Thick Polyethylene can Help Prevent Condensation in Crawl Spaces
on May 20, 2014
I built my home four years ago in accordance with strict county and state energy requirements. My problem is condensation in the crawlspace, along the foundation wall on the north side of the house during the winter months. The moisture is wetting my rim joist, floor joists, insulation, and mud sill. I installed more foundation vents, but this hasn’t helped. Do you have any suggestions?
The good news is that the energy-efficient techniques that were employed in the construction of your home have helped to create living space that is less drafty and more comfortable.
The bad news is that while the home is less drafty, the crawlspace is also less drafty permitting a build-up of moisture and condensation.The fact that you have an abundance of moisture and condensation is evidence that there is a lack of ventilation in the sub-area or crawlspace of your home.
It sounds like you have already employed step one of our recommendations — the installation of additional foundation vents at the perimeter of the home.If this doesn’t work, and it sounds as if it hasn’t, then we suggest you install a layer of six-mil (that’s the thickness) polyethylene right on top of the ground in the crawlspace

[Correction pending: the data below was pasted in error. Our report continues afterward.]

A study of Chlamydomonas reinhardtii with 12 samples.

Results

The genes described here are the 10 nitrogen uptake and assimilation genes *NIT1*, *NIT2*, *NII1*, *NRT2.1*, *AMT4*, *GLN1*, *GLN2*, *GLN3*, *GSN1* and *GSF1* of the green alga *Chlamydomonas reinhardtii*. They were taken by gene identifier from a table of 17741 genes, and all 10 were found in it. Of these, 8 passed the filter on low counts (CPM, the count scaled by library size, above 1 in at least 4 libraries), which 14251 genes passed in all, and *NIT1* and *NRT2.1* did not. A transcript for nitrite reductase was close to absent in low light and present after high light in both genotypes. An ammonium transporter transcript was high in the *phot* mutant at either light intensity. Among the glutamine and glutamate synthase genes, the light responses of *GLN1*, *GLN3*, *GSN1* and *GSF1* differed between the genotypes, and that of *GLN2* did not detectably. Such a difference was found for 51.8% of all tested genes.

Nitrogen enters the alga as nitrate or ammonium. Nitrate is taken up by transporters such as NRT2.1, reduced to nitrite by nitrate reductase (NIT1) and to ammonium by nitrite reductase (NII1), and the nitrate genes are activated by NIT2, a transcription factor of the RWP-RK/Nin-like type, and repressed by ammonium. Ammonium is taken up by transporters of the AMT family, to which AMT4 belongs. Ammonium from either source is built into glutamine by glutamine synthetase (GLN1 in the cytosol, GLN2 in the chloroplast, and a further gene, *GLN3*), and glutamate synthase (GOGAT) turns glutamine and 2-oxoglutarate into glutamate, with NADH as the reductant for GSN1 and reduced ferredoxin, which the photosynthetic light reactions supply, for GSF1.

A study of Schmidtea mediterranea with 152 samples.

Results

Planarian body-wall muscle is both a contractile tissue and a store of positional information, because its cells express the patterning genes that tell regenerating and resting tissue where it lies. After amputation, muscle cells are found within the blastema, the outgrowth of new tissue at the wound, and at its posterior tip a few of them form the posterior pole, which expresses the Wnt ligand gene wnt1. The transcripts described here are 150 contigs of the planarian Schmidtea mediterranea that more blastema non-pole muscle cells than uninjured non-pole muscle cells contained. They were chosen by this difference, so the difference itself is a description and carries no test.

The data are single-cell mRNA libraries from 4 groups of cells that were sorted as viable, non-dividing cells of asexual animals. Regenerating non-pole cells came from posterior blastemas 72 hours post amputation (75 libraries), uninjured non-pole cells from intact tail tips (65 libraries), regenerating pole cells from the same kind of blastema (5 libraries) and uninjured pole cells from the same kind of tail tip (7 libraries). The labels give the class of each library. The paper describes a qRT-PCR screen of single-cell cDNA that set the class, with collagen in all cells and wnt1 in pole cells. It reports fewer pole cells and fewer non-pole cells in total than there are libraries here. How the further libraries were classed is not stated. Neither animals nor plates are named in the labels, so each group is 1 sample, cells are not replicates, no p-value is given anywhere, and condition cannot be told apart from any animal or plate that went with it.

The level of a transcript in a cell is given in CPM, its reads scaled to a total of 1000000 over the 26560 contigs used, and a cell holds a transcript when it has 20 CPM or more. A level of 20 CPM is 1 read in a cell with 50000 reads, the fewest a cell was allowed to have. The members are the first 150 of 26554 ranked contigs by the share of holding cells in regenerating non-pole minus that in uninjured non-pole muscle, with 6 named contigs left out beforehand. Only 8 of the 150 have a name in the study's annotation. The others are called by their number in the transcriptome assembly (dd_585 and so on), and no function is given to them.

. You’ll want to be sure to carefully cut around any interior piers, leaving enough excess material so you can tape a “collar” around these piers to minimize the transfer of air. All seams should be lapped a minimum of six inches and taped with an industrial-strength tape. Duct tape like that used by heating contractors will do just fine. Most major hardware stores or home improvement centers will have just what you need.
If this doesn’t solve the problem, then we suggest you consider contacting a heating and sheetmetal contractor and examine the possibility of an auxiliary fan in the crawl space, which, in combination with the other preventative steps, should do the trick.